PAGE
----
Post # 1
Hi bees! This is a big issue after a report was released showing that in countries where the teaching profession has a higher status, students perform better than countries with a lower status. There was a debate in the New York Times yesterday about how to best raise the status of teaching in the U.S.
I’m very curious what the hive has to say about this issue! What do we need to do to raise the status of the teaching profession and/or improve the U.S. school system? I know this is a super complicated issue, but I would love to see what you think.
(I’m in my 6th year teaching H.S. English in California…)
Post # 3
This is my 12th year teaching and I agree that often teachers aren’t considered a high status profession. I went to a workshop recently and a country (can’t remember which one) the smartest students go to school to be doctors or teachers and that isn’t the case in the US.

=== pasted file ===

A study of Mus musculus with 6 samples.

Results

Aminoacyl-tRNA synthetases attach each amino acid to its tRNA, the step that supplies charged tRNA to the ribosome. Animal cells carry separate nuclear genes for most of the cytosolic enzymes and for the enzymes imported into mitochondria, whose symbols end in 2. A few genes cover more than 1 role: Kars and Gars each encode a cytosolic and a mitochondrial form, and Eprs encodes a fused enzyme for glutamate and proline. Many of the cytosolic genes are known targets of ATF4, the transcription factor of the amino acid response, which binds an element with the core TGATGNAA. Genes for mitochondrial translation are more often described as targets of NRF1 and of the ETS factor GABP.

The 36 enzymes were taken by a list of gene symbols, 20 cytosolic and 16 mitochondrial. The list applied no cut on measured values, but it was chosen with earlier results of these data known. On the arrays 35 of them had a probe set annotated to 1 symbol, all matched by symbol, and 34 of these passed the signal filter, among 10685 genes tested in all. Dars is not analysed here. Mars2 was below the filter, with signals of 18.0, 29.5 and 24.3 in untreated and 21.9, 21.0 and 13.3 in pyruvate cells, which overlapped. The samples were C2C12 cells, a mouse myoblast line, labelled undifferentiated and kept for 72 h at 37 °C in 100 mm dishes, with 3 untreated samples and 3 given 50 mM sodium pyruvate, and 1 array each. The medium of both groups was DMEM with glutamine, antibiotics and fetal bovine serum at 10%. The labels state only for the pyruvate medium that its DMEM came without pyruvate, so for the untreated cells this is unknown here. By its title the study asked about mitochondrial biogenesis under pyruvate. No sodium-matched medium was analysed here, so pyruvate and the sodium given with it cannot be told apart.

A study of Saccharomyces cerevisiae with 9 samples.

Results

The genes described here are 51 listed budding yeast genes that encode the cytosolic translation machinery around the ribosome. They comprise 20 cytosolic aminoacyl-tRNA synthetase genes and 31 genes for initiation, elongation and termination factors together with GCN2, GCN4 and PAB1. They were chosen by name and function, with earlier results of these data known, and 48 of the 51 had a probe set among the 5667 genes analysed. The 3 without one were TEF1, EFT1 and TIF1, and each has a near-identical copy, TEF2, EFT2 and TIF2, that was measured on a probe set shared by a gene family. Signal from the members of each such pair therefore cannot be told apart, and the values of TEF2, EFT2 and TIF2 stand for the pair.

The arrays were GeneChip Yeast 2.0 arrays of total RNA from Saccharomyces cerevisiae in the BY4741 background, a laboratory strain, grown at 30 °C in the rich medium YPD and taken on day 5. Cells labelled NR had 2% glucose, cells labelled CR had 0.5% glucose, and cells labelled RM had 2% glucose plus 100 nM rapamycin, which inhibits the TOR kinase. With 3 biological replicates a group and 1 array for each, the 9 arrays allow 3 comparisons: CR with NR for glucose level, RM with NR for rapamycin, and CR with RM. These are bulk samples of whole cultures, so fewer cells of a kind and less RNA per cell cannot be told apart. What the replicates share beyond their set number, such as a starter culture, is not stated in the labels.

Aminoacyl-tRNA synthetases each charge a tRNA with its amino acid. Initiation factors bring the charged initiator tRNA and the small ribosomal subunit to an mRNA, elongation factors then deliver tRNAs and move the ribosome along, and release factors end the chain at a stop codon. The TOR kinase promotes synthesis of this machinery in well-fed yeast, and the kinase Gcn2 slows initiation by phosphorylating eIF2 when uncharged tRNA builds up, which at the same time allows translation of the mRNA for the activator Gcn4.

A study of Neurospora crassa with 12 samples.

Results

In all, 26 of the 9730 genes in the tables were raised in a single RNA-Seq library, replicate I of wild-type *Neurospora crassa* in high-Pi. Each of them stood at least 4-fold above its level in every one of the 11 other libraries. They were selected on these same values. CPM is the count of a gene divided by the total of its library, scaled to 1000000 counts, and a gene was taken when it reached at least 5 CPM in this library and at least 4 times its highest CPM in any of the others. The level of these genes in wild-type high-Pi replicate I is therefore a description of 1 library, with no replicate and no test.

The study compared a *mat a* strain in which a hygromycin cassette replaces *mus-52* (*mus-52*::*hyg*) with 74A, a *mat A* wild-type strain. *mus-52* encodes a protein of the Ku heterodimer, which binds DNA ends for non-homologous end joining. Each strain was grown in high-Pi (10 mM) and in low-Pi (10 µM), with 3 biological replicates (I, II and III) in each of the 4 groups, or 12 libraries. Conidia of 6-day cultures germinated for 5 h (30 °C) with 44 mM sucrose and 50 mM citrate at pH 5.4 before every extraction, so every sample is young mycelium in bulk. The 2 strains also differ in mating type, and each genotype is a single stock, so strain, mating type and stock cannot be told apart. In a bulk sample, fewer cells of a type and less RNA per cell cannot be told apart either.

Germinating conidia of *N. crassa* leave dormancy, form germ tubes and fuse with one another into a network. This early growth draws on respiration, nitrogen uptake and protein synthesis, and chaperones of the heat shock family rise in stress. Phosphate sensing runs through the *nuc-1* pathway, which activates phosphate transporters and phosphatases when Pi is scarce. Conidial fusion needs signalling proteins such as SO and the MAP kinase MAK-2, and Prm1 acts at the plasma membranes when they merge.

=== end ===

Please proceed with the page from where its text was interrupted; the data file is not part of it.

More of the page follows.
Post # 4
I don’t mean that students who aren’t smart don’t go into the teaching profession but that the majority of students want other careers such as doctors or lawyers. I’m tired of how much pressure is put on teachers when in many cases the parents are the ones who should be to blame for their students lack of academic skills. Something should be done to make the parents more responsible.
Post # 5
I think the education of teachers needs to change. I was a teaching major in college for a period of time, but decided to pursue a more academically rigorous degree instead.
Especially when teaching the high school level, I wish more/most teachers would actually go to school for a subject, become an expert and then teach. Basically, if you’re going to teach biology, I think you should have a Bachelor’s/Master’s degree in Biology with the appropriate supplemental teaching courses (instead of a degree in teaching). Honestly, this would help teachers as well – teachers would be more knowledgeable about the subject, could potentially be marketable in other fields, etc.
One of the other differences I have read about is the time committment. Apparently, it’s not uncommon in countries like Japan for teachers to be physically in the school building 60-70 hours per week (including Saturday classes). I personally don’t know that many teachers in the US who spend that much time on site as well as complete off site responsibilities (i.e. grading papers, etc).